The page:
Atlanta If you need a ticket upgrade at the Final Four, just call Kansas University student Megan Haas of Wichita for tips.
Haas and four fellow students won tickets in the KU student ticket lottery. Through her connections at work, Haas made certain the batch sent their way was for the front row at the 53,000-seat Georgia Dome. Some folks without impressive connections were about 100 yards away from the court.
"We participated in the lottery with everybody else," she said. "All I did was say, 'Hey, I'm going and I want to get close.'"
KU students Allison and Hilary Smith of Lawrence put their knowledge of Kansas tradition to work in Atlanta.
Stopped by a stranger at an interactive fan exposition, the sisters were asked to explain the Rock Chalk Chant.
"We set him straight," Hilary said.
For the uninitiated: "Rah, Rah" of the popular Jayhawk cheer was replaced long ago by "Rock Chalk" to symbolize the chalky limestone formations found on Mount Oread.
Guarding the backs of KU players and coaches at courtside was Georgia State Trooper First Class Ronald Goodman.
The Jayhawks were in good hands, given that Goodman resembles an Atlanta Falcons offensive lineman.
And, in a law-and-order kind of way, he couldn't cheer on behalf of the KU team.
"There's no yelling," said Goodman, who confided that his wife, Donna, urged him to support her alma mater, Indiana. "I just try to stay neutral."
KU freshman Carson Ballard can't get any respect from her peers.
Even at the Final Four, where her cousin Brett Ballard plays for KU, folks don't believe her when she brags about her family connection to the Jayhawks.
"It's like I have to show them pictures," said Carson, of Haviland.
Phyllis Gall, who grew up in Sabetha, was paid to attend the Final Four.
Gall, who currently lives in Clinton, Ill., and ran around Atlanta with a Jayhawk painted on her face, was among 10 finalists for the Cingular Wireless contest "Do you love NCAA basketball?"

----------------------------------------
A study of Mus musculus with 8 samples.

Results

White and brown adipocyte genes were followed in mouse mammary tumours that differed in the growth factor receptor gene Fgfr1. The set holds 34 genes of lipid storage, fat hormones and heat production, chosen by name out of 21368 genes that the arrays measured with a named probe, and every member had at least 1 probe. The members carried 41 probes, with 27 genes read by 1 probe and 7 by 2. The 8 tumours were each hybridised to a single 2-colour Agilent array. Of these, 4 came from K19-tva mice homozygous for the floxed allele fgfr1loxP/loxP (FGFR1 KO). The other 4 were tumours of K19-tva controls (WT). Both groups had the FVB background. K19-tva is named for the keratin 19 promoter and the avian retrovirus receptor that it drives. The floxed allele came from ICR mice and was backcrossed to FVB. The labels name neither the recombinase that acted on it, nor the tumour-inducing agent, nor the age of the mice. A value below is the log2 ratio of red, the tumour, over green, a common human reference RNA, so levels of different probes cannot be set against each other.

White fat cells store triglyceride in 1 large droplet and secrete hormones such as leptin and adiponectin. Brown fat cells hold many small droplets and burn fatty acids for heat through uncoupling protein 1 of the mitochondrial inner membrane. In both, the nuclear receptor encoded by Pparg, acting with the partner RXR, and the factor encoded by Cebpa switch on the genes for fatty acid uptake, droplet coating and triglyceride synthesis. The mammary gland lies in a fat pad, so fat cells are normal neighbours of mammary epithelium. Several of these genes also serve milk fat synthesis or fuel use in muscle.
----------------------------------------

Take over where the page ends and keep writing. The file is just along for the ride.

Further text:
She received free airfare, hotel and tickets for two, as well as $500 spending cash for cheering for the Jayhawks.
Hey, Mark Johnson, there was someone near the Jayhawks bench waving at you during the Kansas game.
Anne Elkins, a Boston paralegal who grew up in Overland Park, couldn't resist twisting the knife into Johnson, a Maryland Terrapin fan who had to work while she played at the Final Four.
"I'm waving at you right now!" Elkins shouted. "See you back at work!"
Martin Blair, a burly 6-foot-7 guy who sports a Jayhawk cowboy hat and flashing crimson-and-blue lapel pins, can't be missed, even among crazed KU fans at the Final Four.
But his absence from his own restaurant in San Diego Kansas City Barbeque will be noticed. After all, it's the official KU game watch location in that Southern California city.
"There will be about 100 people there for the KU game," said Blair, who earned a KU master's degree in 1976.
KU devotees Denis Douglas of Topeka and David Douglas of Seattle actually touched the $30,000 trophy that four college basketball teams yearned to earn.
At a display in downtown Atlanta, the brothers had a photograph taken with them standing behind the crystal ball. By Saturday, about 5,000 other people had added to their photo albums as well.
"Even if KU can't have it, a lot of Jayhawks will have a piece of it," said Ray Mallouk, a 1995 KU graduate who was placed in charge of watching over the hardware for his employer, Sears.
Gary Burnidge hauled his family wife, Joy, and daughters, Briana and Crystal from Oklahoma City to Atlanta's Final Four, but not to urge on the homestate Sooners.
"Never OU," said Crystal Burnidge, sporting her Kansas T-shirt for effect. "Just KU."
It appeared to be the appropriate choice, given that she was standing on Phog Allen Avenue at the NCAA Hoops fiesta next to the Georgia Dome.
Her friends in Oklahoma can blame her dad for their odd college basketball loyalty. He graduated from KU in the 1960s.